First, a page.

Journalists face unprecedented threats in President Abdel-Fattah el-Sissi's Egypt, a watchdog group said Thursday, with the highest number behind bars since it began keeping records in 1990.

In a report detailing the incarceration of 18 Egyptians, the New York-based Committee to Protect Journalists said most were accused of affiliation with the now-outlawed Muslim Brotherhood of ousted Islamist President Mohammed Morsi.

It said the threat of imprisonment in Egypt is part of a stifling atmosphere in which authorities pressure media outlets to censor critical voices and issue gag orders on sensitive topics. It said el-Sissi has invoked national security to trample on liberties.

"CPJ spoke to high-level officials, including the prosecutor-general and the minister of transitional justice, who denied that Egypt was holding any journalists in jail in relation to their work," the group said in the report, which was based on a June 1 census of Egyptian prisons. "But CPJ research shows that the government of el-Sissi ... has used the pretext of national security to crack down on human rights, including press freedom.

As army chief, el-Sissi overthrew Morsi in 2013 during massive protests against his rule, before winning a landslide election last year. Since the overthrow, authorities have waged a massive crackdown on the Muslim Brotherhood and other opponents, killing hundreds, jailing thousands and sparking a backlash of attacks against security forces, mostly in the restive Sinai Peninsula. Activists say dozens more journalists have been detained.

Cases detailed in the report show that most were jailed for covering protests, airing views contrary to the government or reporting on injustices committed against people affiliated with the Brotherhood, which Egypt considers a terrorist organization.

Several stand accused of "spreading chaos," while others are charged with disseminating "false news" or anti-government messages.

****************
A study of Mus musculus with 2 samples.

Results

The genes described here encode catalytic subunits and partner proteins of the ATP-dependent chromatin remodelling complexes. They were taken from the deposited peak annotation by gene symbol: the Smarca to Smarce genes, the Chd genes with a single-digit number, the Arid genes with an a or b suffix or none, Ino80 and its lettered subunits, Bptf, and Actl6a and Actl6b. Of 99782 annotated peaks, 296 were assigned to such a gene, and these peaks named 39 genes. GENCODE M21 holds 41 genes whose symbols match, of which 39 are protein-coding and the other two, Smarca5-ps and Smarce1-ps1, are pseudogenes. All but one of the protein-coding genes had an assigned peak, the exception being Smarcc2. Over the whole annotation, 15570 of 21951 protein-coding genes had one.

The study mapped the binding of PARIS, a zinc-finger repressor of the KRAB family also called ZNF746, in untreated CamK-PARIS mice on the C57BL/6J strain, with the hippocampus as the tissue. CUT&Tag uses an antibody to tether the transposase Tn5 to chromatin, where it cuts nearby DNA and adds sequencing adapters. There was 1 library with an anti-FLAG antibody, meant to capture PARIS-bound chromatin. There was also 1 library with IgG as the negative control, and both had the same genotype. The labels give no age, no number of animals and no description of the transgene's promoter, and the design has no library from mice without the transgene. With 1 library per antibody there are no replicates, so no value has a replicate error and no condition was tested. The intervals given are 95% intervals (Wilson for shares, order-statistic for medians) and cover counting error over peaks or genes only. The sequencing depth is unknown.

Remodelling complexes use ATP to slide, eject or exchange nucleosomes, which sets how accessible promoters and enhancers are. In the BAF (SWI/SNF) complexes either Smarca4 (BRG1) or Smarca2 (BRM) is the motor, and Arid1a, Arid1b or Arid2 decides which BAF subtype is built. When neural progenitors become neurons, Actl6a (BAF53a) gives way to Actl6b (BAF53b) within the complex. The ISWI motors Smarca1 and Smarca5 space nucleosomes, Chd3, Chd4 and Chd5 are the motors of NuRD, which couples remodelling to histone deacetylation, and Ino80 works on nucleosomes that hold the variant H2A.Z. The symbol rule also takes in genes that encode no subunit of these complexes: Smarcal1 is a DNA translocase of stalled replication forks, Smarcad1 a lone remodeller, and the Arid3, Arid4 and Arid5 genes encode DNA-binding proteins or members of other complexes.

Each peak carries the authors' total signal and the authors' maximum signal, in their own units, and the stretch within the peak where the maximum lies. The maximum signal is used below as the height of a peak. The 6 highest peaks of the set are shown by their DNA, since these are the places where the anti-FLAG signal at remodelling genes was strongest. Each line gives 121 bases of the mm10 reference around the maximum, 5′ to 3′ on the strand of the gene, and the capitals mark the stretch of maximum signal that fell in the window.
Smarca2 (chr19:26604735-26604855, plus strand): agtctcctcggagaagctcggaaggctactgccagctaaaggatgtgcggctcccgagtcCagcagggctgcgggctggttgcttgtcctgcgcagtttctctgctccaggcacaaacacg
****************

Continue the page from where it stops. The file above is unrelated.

In one case highlighted in the report, Mahmoud Abou-Zeid was arrested in August 2013 while taking photographs of the violent dispersal of a pro-Morsi sit-in, in which hundreds of Islamists were killed. He has been in pre-trial detention since then and has not been formally charged.

"I spoke with him last week and he was tired and depressed," his brother, Mohamed, told The Associated Press. "We don't know what will happen next and have no information regarding the future of the case. It is a very difficult situation for all of us."

In another case, photographer Omar Abdel-Maksoud was arrested in 2014 while covering a baby shower for a woman who had been detained and forced to give birth in a hospital in handcuffs. Police launched a violent raid on the gathering, the report said, citing local media.

CPJ cited cases of journalists disappearing into Egypt's labyrinth of detention facilities without lawyers or family members knowing where they are, with court hearings sometimes taking place without their knowledge.

It said the heavy restrictions meant that scarce information emerges from entire regions, especially Sinai, where militant groups are fighting security forces and little is known about the conflict's toll on civilians. One journalist from the area, Saeed Abuhaj, was arrested for carrying a leaflet bearing Brotherhood slogans, his lawyer said. He has been charged with inciting violence and using weapons against police.

Several high-profile cases involving the state's campaign against journalists have garnered international attention, most recently that of Ahmed Mansour, a journalist for Qatar-based broadcaster Al-Jazeera, who was stopped in Germany when officers there acted on an Egyptian arrest warrant.

After detaining him last weekend, German prosecutors decided Monday to free him and not pursue his extradition to Egypt, where he was convicted in 2011 on torture charges he denies. CPJ and France's Reporters Without Borders criticized the detention.

Al-Jazeera has been a particular focus for Egypt following Morsi's overthrow, since the current government sees it as a mouthpiece for the Brotherhood. Three journalists from its English-language channel are being retried on charges of being part of a terrorist group and airing falsified footage. One of the three, Australian journalist Peter Greste, has been deported.

The Obama administration has harshly criticized Egypt's restrictions on free speech and the arrests of political dissidents, citing a "steadily shrinking space for political dissent." But Washington has continued to provide Cairo with some $1.3 billion in annual military aid after briefly suspending it following Morsi's ouster.

Egypt's first freely elected president, Morsi was recently sentenced to death in connection with a mass prison break during the 2011 uprising that toppled longtime autocrat Hosni Mubarak.

An Egyptian journalist not cited in the report said he and others, especially videographers and photographers, are regularly targeted when they cover Brotherhood-affiliated protests. He spoke on condition of anonymity for fear of repercussions.

"They raided my family's apartment looking for me six times since 2013, and this month they smashed up a lot of furniture," he said, adding that he has been staying with friends.

"My work is a blessing and a curse — I'm living on the run."